How insurance can help if your car is broken into

  • Homeowners and renters insurance cover any stolen personal property in the car.
  • Make sure to file a claim in a timely manner so you don’t miss out on coverage.
  • See Insider’s picks for the best car insurance companies.


Comprehensive car insurance covers theft from break-ins

There are three main types of car insurance: comprehensive, collision, and liability. Full coverage is a combination of the three. If you finance or lease your car, your lender probably requires comprehensive and collision coverage. 

Comprehensive coverage replaces or repairs your vehicle if it’s stolen or damaged. Comprehensive coverage typically covers damage from theft, fire, vandalism, or falling objects like a tree. 

If you have comprehensive or full coverage car insurance, you will be covered for break-ins.

*Most states require some type of liability coverage

Homeowners and renters insurance cover theft of personal property

If you have homeowners insurance or renters insurance, it will cover any personal property stolen from your car.

Homeowners and renters insurance cover theft of your personal property, even if it occurs outside of your home. If your personal laptop is stolen while you’re at a coffee shop, homeowners and renters insurance will cover it. If your laptop was stolen from your car, homeowners and renters insurance will cover the theft of the laptop, but not damage or theft of your car.

Steps to file a claim for car theft or break-ins

If personal items are stolen from your car, comprehensive coverage car insurance, full coverage car insurance, and homeowners or renters insurance will cover your personal belongings. If your car itself has been stolen, you will need comprehensive or full coverage car insurance.

If you need to make a claim with your auto insurance provider, follow these steps:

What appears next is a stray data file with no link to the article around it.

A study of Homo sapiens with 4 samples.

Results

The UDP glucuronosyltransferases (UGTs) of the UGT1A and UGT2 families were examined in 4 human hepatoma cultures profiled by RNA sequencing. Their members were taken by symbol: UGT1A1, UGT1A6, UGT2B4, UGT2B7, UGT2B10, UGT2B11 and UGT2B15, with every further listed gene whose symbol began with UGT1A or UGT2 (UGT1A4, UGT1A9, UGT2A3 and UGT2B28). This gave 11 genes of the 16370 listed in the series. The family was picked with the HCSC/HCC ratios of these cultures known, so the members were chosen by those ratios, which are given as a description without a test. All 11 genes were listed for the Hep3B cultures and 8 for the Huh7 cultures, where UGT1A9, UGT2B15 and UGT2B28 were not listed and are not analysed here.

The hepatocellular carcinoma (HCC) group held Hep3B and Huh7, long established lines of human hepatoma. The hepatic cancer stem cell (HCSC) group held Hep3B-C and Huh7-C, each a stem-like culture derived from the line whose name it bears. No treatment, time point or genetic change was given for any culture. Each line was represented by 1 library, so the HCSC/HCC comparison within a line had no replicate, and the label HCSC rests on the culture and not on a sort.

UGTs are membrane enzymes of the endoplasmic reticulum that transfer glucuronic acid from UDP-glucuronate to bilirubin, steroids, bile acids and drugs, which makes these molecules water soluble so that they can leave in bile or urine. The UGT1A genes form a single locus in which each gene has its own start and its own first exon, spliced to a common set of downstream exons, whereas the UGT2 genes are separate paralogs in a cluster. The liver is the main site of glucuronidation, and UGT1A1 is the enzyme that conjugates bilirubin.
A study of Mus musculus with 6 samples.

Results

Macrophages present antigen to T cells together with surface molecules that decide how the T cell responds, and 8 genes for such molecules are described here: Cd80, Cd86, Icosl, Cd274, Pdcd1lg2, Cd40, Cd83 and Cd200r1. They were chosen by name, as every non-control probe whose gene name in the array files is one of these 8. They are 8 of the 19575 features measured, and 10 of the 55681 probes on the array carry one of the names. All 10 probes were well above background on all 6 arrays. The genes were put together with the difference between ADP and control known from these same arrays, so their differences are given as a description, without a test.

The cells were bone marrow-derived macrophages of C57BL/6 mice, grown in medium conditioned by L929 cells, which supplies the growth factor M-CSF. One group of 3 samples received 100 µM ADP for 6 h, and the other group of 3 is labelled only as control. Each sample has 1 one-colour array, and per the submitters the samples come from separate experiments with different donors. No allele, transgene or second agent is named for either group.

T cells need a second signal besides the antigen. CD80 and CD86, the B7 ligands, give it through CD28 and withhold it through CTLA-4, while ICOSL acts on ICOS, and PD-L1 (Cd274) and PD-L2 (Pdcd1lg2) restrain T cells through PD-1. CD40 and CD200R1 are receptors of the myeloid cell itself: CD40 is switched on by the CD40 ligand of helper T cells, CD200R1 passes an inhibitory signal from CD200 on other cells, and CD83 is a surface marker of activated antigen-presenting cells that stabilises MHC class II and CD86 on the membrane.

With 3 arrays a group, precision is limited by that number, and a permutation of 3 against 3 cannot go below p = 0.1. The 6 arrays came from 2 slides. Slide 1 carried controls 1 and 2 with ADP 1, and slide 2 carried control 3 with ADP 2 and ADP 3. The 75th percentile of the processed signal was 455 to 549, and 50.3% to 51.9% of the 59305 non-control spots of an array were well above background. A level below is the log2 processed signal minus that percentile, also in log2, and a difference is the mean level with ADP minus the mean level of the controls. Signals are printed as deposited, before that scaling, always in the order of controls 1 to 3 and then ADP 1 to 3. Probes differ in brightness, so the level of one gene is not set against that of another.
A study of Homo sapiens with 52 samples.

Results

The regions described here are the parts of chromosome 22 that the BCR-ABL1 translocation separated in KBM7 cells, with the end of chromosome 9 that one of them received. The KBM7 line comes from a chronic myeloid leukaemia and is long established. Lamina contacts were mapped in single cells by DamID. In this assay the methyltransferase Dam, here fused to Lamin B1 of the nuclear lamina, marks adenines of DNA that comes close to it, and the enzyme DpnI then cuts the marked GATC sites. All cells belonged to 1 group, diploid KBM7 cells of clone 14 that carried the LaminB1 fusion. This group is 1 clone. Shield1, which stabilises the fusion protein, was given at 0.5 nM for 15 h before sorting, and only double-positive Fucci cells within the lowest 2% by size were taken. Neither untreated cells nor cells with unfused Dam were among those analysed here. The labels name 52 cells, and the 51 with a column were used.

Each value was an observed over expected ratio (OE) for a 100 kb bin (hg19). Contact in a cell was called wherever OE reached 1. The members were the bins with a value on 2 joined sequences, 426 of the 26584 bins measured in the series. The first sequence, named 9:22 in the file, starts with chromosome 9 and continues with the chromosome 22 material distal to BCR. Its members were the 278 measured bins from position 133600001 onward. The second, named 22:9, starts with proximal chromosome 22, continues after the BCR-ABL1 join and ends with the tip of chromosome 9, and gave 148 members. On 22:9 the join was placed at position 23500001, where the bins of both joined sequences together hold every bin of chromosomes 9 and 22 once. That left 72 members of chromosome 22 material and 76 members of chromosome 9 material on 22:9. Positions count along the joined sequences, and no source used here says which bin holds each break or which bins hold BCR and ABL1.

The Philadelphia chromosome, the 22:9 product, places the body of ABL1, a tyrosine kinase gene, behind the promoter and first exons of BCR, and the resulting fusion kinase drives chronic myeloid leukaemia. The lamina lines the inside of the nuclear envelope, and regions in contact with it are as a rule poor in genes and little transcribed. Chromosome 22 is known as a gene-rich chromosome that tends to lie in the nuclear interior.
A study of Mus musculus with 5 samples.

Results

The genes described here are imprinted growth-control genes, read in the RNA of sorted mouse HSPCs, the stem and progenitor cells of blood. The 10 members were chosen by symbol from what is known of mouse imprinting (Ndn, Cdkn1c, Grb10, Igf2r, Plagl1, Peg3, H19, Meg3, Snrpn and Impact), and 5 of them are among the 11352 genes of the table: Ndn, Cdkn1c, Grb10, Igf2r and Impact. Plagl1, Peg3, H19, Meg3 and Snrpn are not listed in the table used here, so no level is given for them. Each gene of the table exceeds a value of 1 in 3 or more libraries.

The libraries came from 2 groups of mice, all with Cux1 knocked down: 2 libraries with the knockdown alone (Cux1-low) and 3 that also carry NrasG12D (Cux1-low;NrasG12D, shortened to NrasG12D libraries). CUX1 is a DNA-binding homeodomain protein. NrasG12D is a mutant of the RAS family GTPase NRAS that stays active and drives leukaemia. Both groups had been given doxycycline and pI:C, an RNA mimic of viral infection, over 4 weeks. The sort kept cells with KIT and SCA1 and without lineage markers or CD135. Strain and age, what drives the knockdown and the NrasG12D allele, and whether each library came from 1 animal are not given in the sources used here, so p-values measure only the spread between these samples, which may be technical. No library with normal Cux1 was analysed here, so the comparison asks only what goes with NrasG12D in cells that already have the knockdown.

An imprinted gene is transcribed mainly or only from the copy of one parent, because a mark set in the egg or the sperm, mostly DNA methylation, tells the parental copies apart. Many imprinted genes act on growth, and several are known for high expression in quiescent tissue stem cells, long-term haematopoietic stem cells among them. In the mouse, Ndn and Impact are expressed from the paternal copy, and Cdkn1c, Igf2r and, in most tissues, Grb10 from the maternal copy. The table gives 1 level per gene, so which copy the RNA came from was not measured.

1. Take pictures or video of the damage.
  2. Make a list of missing, stolen, and damaged items.
  3. File a police report as some carriers will require this. Be sure to have your driver’s license, insurance card, vehicle registration, and list of missing items.
  4. Contact your insurance provider. Failure to timely notify your insurance provider could result in a denial of your claim.
  5. If your credit/debit card has been taken, notify your financial, banking, or credit card institution.
  6. If your social security card, passport, or driver’s license or government issued identification card is stolen, notify the appropriate government agencies.
  7. If necessary, contact the three credit reporting companies (Experian, TransUnion, and Equifax).
  8. Keep documentation of all unauthorized purchases or access to your data, if your banking or identity information has been stolen.

Failure to file a timely claim can lead to a denial of benefits, so don’t wait long. You can call the claims number on your policy or make a claim online on your carrier’s website. Due to the coronavirus pandemic, many carriers have digital apps to file claims where you can upload pictures of damage for faster processing.

Car insurance premiums may increase after filing a claim

Filing a claim may increase your insurance premium based on the number of claims previously filed or the amount of damage claimed. If it’s a minor fender bender, chances are your rates won’t increase, Felipe Teixeira, director of national auto product at Country Financial, told Insider. 

Talk to your car insurance provider to find out how filing a claim may impact future premiums.

Ronda Lee was formerly an associate editor for insurance at Personal Finance Insider covering life, auto, homeowners, and renters insurance for consumers. Before joining Business Insider, she was a contributing writer at HuffPost with featured articles in politics, education, style, black voices, and entrepreneurship. She was also a freelance writer for PolicyGenius. She worked as an attorney practicing insurance defense and commercial litigation.